Top 10 Safe Computing Tips
Use the checklist below to ensure your computer and data are secure. Instructions for these tips
can be found via this web site: http://ist.mit.edu/security/support/tips.
Patch your software and operating system: Set up your computer for automatic updates.
An unpatched machine is more likely to have software vulnerabilities that can be exploited.
Install anti-virus software: McAfee VirusScan is available as a free download for Windows,
Macintosh and Linux from IS&T’s software page. When installed, the software should be set
to scan your files and update your virus definitions regularly.
Choose strong passwords: Use letters, numbers, and special characters to create a
mental image or an acronym that is easy for you to remember. Create different passwords
for important accounts.
Back up your files: This can protect you from the unexpected. Keep a few months’ worth of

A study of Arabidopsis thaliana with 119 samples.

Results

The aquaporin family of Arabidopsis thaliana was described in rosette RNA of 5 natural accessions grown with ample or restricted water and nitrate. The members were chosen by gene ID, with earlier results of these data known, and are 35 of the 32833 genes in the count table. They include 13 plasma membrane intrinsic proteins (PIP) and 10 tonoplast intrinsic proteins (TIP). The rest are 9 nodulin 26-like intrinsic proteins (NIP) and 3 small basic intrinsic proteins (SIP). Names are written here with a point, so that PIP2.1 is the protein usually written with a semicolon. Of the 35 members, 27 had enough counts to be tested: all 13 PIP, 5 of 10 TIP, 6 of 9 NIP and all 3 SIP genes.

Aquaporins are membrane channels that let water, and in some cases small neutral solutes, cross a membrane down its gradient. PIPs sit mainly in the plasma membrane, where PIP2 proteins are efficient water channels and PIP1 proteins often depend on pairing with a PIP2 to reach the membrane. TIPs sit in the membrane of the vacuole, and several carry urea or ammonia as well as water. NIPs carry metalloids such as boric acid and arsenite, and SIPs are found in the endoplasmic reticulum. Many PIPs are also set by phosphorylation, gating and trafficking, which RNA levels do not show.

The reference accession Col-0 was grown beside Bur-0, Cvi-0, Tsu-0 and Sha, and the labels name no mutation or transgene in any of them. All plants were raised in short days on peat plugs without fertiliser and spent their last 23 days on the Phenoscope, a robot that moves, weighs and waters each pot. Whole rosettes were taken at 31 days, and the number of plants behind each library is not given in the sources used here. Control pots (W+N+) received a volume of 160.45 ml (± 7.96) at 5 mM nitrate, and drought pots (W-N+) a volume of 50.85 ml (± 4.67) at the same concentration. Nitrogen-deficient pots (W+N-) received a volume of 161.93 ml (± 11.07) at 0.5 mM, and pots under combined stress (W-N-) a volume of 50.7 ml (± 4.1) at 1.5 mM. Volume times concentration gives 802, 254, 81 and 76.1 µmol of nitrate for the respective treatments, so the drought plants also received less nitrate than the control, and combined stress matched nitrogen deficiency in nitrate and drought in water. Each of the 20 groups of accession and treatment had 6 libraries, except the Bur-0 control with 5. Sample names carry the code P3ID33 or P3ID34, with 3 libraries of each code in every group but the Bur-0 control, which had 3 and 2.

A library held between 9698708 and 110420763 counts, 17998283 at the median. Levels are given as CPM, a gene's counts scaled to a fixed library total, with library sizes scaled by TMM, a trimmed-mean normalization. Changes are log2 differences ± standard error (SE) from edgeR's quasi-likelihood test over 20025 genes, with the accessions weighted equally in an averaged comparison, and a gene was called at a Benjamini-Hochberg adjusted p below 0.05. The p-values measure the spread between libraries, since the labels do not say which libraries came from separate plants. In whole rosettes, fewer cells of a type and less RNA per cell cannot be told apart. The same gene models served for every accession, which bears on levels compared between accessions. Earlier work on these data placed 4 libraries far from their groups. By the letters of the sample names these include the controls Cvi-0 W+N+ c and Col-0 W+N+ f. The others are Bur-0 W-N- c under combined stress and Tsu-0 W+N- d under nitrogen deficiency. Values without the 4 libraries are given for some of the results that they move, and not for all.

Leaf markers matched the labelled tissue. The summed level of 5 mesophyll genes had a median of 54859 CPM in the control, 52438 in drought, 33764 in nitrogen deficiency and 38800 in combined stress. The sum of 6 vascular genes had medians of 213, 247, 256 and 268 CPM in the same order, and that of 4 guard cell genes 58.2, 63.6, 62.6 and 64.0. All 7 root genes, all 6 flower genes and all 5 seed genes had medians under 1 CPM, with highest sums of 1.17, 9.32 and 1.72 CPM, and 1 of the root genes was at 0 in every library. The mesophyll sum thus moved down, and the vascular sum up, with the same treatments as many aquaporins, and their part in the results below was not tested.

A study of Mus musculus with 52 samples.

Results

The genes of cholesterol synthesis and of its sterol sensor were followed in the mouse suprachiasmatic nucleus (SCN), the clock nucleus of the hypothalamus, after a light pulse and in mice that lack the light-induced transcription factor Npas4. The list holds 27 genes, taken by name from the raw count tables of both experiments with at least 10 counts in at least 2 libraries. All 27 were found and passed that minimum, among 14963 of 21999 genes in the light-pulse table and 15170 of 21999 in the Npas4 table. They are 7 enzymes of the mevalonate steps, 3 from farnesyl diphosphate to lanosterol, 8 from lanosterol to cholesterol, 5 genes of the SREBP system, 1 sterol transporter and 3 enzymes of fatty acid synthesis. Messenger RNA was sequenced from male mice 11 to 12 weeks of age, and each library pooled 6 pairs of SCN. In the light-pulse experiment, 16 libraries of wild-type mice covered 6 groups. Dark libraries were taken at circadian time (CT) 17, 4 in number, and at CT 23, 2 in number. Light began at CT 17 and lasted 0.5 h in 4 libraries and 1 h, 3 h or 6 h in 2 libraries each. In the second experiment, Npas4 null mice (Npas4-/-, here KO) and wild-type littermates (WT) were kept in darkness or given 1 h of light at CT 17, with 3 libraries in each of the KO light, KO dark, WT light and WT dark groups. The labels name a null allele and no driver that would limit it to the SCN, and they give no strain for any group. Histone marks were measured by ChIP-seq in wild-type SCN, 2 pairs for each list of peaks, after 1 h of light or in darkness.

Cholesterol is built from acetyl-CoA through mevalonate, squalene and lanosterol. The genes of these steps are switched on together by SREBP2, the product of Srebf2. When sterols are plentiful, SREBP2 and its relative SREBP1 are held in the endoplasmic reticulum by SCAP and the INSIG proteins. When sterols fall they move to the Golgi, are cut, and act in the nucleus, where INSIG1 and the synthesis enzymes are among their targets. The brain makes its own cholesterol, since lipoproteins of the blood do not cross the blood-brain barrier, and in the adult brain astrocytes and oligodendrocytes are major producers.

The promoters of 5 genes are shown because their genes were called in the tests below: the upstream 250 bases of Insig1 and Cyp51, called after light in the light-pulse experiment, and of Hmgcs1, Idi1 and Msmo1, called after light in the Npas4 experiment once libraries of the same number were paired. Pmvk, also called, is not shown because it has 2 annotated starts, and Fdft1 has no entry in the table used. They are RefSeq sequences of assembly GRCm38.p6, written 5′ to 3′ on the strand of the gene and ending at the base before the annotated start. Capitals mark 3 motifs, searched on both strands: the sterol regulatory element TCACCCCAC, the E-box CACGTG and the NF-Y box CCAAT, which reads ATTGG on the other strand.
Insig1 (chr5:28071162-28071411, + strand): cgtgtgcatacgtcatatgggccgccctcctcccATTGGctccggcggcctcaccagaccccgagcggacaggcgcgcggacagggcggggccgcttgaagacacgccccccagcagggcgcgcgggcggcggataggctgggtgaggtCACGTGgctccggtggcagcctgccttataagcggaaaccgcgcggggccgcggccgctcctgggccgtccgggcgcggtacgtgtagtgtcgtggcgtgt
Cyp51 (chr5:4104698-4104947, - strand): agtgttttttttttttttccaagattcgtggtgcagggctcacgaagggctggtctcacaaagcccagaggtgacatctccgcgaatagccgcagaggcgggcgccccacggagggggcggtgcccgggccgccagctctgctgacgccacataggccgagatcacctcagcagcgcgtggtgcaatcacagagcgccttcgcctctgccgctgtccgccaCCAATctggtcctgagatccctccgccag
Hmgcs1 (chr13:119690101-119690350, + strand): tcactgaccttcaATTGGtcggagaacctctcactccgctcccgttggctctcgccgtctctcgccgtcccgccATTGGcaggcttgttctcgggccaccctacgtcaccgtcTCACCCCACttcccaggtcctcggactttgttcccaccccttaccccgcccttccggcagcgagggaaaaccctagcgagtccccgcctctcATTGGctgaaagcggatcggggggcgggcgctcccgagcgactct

backups and make sure the files can be retrieved if needed.
Control access to your machine: Don’t leave your computer unattended or logged on in an
unsecured area, including your office, dorm, or a public space.
Use email and the Internet safely: Ignore unsolicited emails, and be wary of attachments,
links and forms in emails that come from people you don’t know, or which seem “phishy.”
Avoid untrustworthy (often free) downloads from freeware or shareware sites.
Use secure connections: When connected to the Internet, your data can be vulnerable
while in transit. Use secure file transfer or VPN options when off campus.
Protect sensitive data: Reduce the risk of identity theft. Securely remove sensitive data
files from your hard drive, which is also recommended when recycling or repurposing your
computer. You can use the encryption tools built into your operating system to protect
sensitive files you need to retain.
Enable desktop firewalls: These are part of a computer’s operating system. When set up
properly, firewalls protect your computer files from being scanned.
Most importantly, stay informed: Stay current with the latest developments for Windows,
Macintosh, Linux and Unix systems. The IS&T News web page regularly covers security
updates and the Security FYI electronic newsletter is available through subscription.